Although several others have already answered this question, allow me to provide a unique perspective on question: that of a Wisconsin attorney familiar with Wisconsin's partition law. Wisconsin's partition statute is Ch. 842, Wis. Stats.
To answer your question, a judge is authorized (he/she may or may not) to award compensation by one party to the other for equality of partition, according to the equity of the case. In other words, you may be able to receive from your sibling compensation for your taxes paid, improvements, and "sweat equity" if the judge believes that fairness requires it.
An attorney would be able to represent you in the partition action and advocate for this compensation.
"Costly" is a relative term. You should contact a Wisconsin attorney to discuss costs and fees for a partition action in light of the complexity of your case.
The foregoing is intended to merely provide additional information to the individual posting the question and to anyone reading the question and/or answers provided. There is no specific legal advice provided. Specific advice cannot be given without first forming an attorney/client relationship. This informational answer is not legal advice, and should not be relied on, since it is impossible to appropriately evaluate a legal problem without a comprehensive consultation and review of all the facts and documents at issue.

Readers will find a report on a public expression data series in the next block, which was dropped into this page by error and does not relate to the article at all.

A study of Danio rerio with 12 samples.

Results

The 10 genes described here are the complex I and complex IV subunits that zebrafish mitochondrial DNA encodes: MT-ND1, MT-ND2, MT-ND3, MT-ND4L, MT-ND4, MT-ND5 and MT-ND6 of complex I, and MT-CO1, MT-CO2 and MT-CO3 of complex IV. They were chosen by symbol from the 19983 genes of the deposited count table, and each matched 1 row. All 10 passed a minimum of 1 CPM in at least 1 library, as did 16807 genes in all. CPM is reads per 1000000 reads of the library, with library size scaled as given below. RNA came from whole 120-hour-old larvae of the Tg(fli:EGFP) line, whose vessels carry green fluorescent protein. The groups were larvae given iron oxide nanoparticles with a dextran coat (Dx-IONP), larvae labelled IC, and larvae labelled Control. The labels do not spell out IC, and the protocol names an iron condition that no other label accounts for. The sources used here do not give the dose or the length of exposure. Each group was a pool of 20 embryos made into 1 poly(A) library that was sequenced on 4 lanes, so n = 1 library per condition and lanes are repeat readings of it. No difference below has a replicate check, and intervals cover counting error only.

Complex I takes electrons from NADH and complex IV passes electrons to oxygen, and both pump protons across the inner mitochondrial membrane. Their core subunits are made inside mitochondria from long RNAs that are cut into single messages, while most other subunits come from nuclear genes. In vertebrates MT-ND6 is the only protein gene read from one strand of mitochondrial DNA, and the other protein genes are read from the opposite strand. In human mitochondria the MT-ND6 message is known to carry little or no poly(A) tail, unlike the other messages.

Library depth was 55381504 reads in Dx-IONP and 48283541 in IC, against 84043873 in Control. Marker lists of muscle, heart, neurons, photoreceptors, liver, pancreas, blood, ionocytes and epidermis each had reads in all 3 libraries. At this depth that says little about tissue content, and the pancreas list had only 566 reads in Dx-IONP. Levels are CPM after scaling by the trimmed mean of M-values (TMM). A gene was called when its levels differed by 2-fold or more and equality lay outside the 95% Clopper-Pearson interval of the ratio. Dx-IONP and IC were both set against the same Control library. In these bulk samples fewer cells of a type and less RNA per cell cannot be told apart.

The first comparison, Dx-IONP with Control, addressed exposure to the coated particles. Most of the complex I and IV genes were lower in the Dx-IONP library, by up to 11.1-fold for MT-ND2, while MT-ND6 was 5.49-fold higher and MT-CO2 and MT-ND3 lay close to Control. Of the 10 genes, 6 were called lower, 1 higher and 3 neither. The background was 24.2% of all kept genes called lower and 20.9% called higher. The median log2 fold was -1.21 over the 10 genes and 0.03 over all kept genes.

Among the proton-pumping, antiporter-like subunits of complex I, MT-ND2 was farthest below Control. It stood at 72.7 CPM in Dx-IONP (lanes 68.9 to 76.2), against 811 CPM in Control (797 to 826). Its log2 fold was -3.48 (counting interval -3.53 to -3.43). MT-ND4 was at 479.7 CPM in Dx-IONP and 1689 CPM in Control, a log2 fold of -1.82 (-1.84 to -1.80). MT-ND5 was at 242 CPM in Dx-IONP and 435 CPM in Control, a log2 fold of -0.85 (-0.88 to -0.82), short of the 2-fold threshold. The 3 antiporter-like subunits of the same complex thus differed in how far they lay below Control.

The partition issue depends on the jurisdiction. In California where I practice a partition costs upwards of $20,000 because of governmental requirements that the property owner have a civil engineer survey the property, get environmental reports, get a detailed survey of any plants or animals on the endangered list, obtain clearance from the fire and police departments, etc. In other jurisdictions, it is much easier. As to reimbursement, the taxes and improvements are fairly easy to document if you have kept good records and should be reimbursed as to the half that benefitted your sibling. As to sweat equity, that is harder to prove and may be considered by the judge to be a voluntary contribution on your part that is not reimbursable. Check with your local building department as to the cost of and requirements for partition.
What Jurisdiction is this?
IF you paid the costs in good faith, the Judge will likely allow you to be reimbursed.